New U.S. vehicle sales were disappointing in April, prompting concern that the auto industry’s lengthy boom is coming to an end.
Autodata said sales of new cars and trucks fell 4.7 percent for the month to 1.43 million from the same month last year, the fourth consecutive monthly decline.
On a seasonally adjusted basis, the sales rate was 16.92 million. That figure was below forecasts of 17.1 million.
Sales at GM fell 5.9 percent, Ford sales dropped 7.1 percent and Fiat Chrysler sales were down 6.9 percent.
“Over the past six months we’ve watched nearly every automaker go from positive to negative sales volume, confirming the plateau in this latest sales cycle," Karl Brauer, executive publisher for Autotrader and Kelley Blue Book, told the Detroit Free Press.
The newspaper said sales fell for six of the eight top-selling automakers in the United States and that among Asian automakers, sales fell 7 percent for Honda, 4.4 percent for Toyota and 1.5 percent for Nissan. Sales at Hyundai rose 1.3 percent, but they fell 3.8 percent for sister company Kia.
Ford vice president of sales and marketing Mark LaNeve told the Detroit newspaper that the industry's sales pace was slower than expected throughout April, but he said it's too soon to conclude that sales will fall more than expected in 2017.
"We have to let the year play out," LaNeve said. "I am not discouraged by the numbers. I view it as within some kind of normal range in a plateauing industry."
“When you look at the broader economy, including a strong job market, rising wages, low inflation and low interest rates, and couple them to low fuel prices and strong consumer confidence, you have everything you need for auto sales to ... remain at or near historic highs,” GM chief economist Mustafa Mohatarem said.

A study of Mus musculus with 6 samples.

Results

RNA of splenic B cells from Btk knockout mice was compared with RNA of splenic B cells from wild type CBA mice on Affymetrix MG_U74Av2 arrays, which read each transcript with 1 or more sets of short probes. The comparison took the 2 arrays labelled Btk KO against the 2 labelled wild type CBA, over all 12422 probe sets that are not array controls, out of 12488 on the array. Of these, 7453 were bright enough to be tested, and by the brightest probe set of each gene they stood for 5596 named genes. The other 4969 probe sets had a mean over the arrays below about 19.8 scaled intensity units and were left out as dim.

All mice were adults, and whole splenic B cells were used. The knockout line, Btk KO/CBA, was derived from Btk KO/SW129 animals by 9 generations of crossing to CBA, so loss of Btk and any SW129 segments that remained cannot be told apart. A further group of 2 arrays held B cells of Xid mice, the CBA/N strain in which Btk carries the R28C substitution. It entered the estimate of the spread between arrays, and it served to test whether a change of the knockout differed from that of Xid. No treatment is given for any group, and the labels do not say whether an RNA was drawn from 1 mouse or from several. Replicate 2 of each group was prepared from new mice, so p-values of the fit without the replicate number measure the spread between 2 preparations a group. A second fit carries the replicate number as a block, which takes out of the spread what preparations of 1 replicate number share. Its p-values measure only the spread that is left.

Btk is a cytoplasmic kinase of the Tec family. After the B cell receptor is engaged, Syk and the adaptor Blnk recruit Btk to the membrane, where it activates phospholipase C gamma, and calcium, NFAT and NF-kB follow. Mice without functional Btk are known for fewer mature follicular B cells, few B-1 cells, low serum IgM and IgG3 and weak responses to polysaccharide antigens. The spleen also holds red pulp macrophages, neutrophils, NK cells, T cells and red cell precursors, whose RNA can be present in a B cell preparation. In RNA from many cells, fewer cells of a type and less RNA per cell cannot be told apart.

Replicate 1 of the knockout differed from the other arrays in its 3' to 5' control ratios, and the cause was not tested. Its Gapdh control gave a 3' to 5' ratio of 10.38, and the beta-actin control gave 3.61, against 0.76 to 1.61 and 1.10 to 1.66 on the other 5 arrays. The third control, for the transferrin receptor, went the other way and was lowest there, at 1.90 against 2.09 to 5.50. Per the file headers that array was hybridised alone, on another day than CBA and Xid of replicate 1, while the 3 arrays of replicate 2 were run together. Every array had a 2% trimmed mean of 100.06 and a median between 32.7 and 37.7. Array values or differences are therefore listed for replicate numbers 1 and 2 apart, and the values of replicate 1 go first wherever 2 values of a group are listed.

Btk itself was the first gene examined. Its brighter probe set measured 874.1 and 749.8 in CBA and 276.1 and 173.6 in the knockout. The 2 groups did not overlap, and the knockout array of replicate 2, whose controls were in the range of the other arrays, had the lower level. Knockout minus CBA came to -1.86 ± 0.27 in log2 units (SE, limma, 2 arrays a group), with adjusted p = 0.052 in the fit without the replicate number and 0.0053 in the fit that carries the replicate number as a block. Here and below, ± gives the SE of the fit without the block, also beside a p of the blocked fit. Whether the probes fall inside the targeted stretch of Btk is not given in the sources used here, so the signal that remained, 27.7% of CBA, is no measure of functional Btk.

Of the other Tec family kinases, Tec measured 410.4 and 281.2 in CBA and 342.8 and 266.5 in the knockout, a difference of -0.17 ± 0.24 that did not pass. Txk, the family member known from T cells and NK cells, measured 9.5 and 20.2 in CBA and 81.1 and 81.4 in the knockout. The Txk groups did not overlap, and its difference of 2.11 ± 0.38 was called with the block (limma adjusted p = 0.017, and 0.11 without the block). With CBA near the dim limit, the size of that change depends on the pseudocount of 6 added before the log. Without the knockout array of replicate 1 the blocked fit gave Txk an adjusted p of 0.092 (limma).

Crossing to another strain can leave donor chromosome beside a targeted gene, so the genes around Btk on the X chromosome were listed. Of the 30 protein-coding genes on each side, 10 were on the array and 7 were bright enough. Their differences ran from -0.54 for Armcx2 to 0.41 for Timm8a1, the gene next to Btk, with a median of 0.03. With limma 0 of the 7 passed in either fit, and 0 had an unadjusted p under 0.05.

Reuters said two consecutive weak months of sales has raised fears on Wall Street that the industry is on a downward trend after a long period of rising sales that began after the Great Recession ended in 2010.
Reuters said the industry faces challenges that include rising vehicle inventory levels, even though automakers have boosted discounts to gain customers. Used vehicles from the boom cycle are competing with new cars.
“The market is tapped out,” Adam Silverleib, vice president of Silko Honda, a dealership in Raynham, Mass., told the New York Times. “It’s no longer expanding at the rate the manufacturers thought it would.”
The Times said low gas prices, in part, drove automakers’ long period of sales gains by fueling demand for highly profitable SUVs and trucks. Consumers more recently have pulled back on big-ticket spending, which slowed economic growth in the first quarter.
The nation’s gross domestic product rose just 0.7 percent in the quarter, the slowest pace in three years, as consumer spending rose just 0.3 percent.
That was the smallest gain since 2009 and a dramatic decline from a 3.5 percent increase in the fourth quarter last year.